Hey, Whole Foods! We're Growling for Growlers Over Here.
Dear Park Lane Whole Foods Market:
This is a growler. Notice that it's empty. That's a hint.
It's the Christmas season, a time when all good boys are brimful of dreams for presents. Seeing as I have been good this year -- as far as you know, anyway -- I'm hoping you will grant me one heartfelt holiday wish: Please take a closer look at your alcohol license and get the lead out with starting a growler program. This good little boy wants some beer. Trust us, it'll be good for me and good for your bottom line.
The Wine Bar at the Park Lane Whole Foods Market, the Dallas flagship store, has been a boon to the location. Beginning at about 3 p.m. on weekdays, the bar, with nine taps, including a free-flow Merlot and Sauvignon Blanc, plus several bottles, is packed with regulars and curious shoppers. The beer taps rotate, with two to four coming from Texas microbreweries like Saint Arnold and Rahr & Sons. The drinks are cheap -- about $4.50. Customers can also select one of the store's single beers (and wine bottles) to drink at the bar. The single beers begin at $1.99. Traffic really picks up after 5, when local workers descend upon the supermarket's watering hole. Nevertheless, the Wine Bar and its staff compete for customers with the nearby Gordon Biersch (also in The Shops at Park Lane mixed-use development), a brewery-restaurant. And they're aware of it.
Gordon Biersch offers something the Whole Foods staff thinks it cannot offer: a growler program. This troubles some of the Whole Foods staff, as a growler program is a sure-fire revenue stream. They know this because several Whole Foods stores in the Northeast United States run growler programs. Among those Whole Foods locations is the Bowery Lane Whole Foods in New York City. That store operates the adjacent Bowery Beer Room, where for less than $10, beer drinkers can walk up to the bar and have a growler, a 64-oz brown-glass jug of fun, filled with one of several local craft beers on tap. What's more, the growler doesn't have to be a store-branded vessel. To put it mildly, the Bowery Beer Room makes a mint off that service. The Park Lane store wants a cut, and according to officials with the Texas Alcoholic Beverage Commission, there's not much stopping the store from taking that cut right now.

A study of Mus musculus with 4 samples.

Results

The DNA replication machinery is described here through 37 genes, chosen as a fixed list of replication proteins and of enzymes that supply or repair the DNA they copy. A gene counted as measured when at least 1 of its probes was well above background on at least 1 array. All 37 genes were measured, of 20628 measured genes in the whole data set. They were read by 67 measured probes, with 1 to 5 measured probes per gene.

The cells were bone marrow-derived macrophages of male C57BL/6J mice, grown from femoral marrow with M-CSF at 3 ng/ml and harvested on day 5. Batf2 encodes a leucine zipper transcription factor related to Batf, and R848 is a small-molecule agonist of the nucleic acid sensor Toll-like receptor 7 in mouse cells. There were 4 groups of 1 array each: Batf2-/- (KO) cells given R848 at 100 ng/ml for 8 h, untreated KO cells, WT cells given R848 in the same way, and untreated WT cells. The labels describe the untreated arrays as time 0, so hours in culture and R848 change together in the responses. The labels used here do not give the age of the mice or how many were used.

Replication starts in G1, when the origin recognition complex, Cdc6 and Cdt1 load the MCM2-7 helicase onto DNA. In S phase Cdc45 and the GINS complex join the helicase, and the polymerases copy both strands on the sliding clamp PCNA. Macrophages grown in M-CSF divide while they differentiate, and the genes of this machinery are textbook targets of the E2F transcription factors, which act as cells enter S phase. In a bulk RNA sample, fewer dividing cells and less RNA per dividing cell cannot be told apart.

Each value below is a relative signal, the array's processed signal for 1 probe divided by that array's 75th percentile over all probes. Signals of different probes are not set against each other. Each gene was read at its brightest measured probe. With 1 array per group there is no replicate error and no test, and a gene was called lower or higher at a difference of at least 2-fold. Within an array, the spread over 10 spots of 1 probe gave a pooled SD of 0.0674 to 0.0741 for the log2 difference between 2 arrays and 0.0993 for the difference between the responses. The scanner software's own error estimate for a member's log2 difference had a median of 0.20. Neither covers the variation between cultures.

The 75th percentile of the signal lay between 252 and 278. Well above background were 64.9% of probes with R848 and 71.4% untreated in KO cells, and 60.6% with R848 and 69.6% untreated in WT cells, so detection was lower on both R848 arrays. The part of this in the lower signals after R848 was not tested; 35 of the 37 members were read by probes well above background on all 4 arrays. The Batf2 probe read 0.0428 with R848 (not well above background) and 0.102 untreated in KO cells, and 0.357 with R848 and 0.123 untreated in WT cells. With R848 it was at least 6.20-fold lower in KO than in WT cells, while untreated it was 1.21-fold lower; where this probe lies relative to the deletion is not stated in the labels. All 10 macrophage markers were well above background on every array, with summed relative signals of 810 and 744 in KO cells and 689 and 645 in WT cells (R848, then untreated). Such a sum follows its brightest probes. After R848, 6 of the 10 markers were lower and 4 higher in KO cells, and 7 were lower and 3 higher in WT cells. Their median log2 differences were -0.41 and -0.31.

Which sounds like a really good idea to a certain growler fan very, very near to me.
Gordon Biersch Brewery Restaurant runs a growler program because it holds a brewpub license, says Josh Weaver, general manager of the Gordon Biersch. That allows the store to sell alcohol for on and off-premise consumption as long as it produces no more than 5,000 barrels per location. The Fredericksburg Brewing Co. in the Hill Country town of Fredericksburg offers a growler program, thanks to its brewpub license.
But lo and behold -- that's Christmasy miracle talk -- Whole Foods doesn't need a brewpub license, nor does it have to brew anything. Whip In, a gourmet market-café and beer-geek Mecca in Austin, sells growlers. They can do so because owners Joe and Chandan Topiwala carry a beer and wine retailer's permit. Otherwise known as a BG license, this particular permit allows non-brewpubs to offer growler programs as long as distilled spirits aren't sold. Whip In general manager and son of the owners, Dipak Topiwala, says the tiny number of growler programs in Texas is caused in part by laziness on the part of alcohol sellers. "Its not an uncommon license," he says. "Businesses just aren't willing to vend according to what is possible."
For example, the Park Lane Whole Foods already has the proper BG license. The specialty department staff just doesn't know it. (This was confirmed when I was told by an employee that growler-program brainstorming is slowly beginning.)
Thomas Graham, marketing practices supervisor at the TABC, acknowledges that aside from businesses being unfamiliar with their licenses and/or unwilling to invest the time into understanding the ins and outs of their certificates, TABC's regulations can be somewhat labyrinthine. "It's confusing."
Still, Graham says he would love to see growler programs become popular, but that will take a vanguard of major players, like Whole Foods, to take the lead in starting a trend. "When we see more growlers being sold, we're going to have more people asking questions. I'd like to see that. Part of my job is to field these questions. I enjoy helping people through the process," Graham says. "Nevertheless, no one needs our approval. It's permitted by the license."
Whole Foods Market's licensing team leader in the global support office, Ryan Bissett, knows this at least, and he made it clear that the Park Lane Whole Foods can sell growlers right now. "We don't expect our store employees to know the ins and outs of TABC licensing. That's something we take care of in our office in conjunction with our legal team," he said. "That store is very interested in pursuing a growler program. We're discussing it."
Well, not to be a pest, but I say enough with the chitchat. This good -- well, reasonably good -- boy is a regular at Whole Foods' Wine Bar, and I have seven empty growlers -- one of which is from the Bowery Beer Room! -- ready and waiting to be filled. They'll look so precious under my plastic white tree (I'm allergic).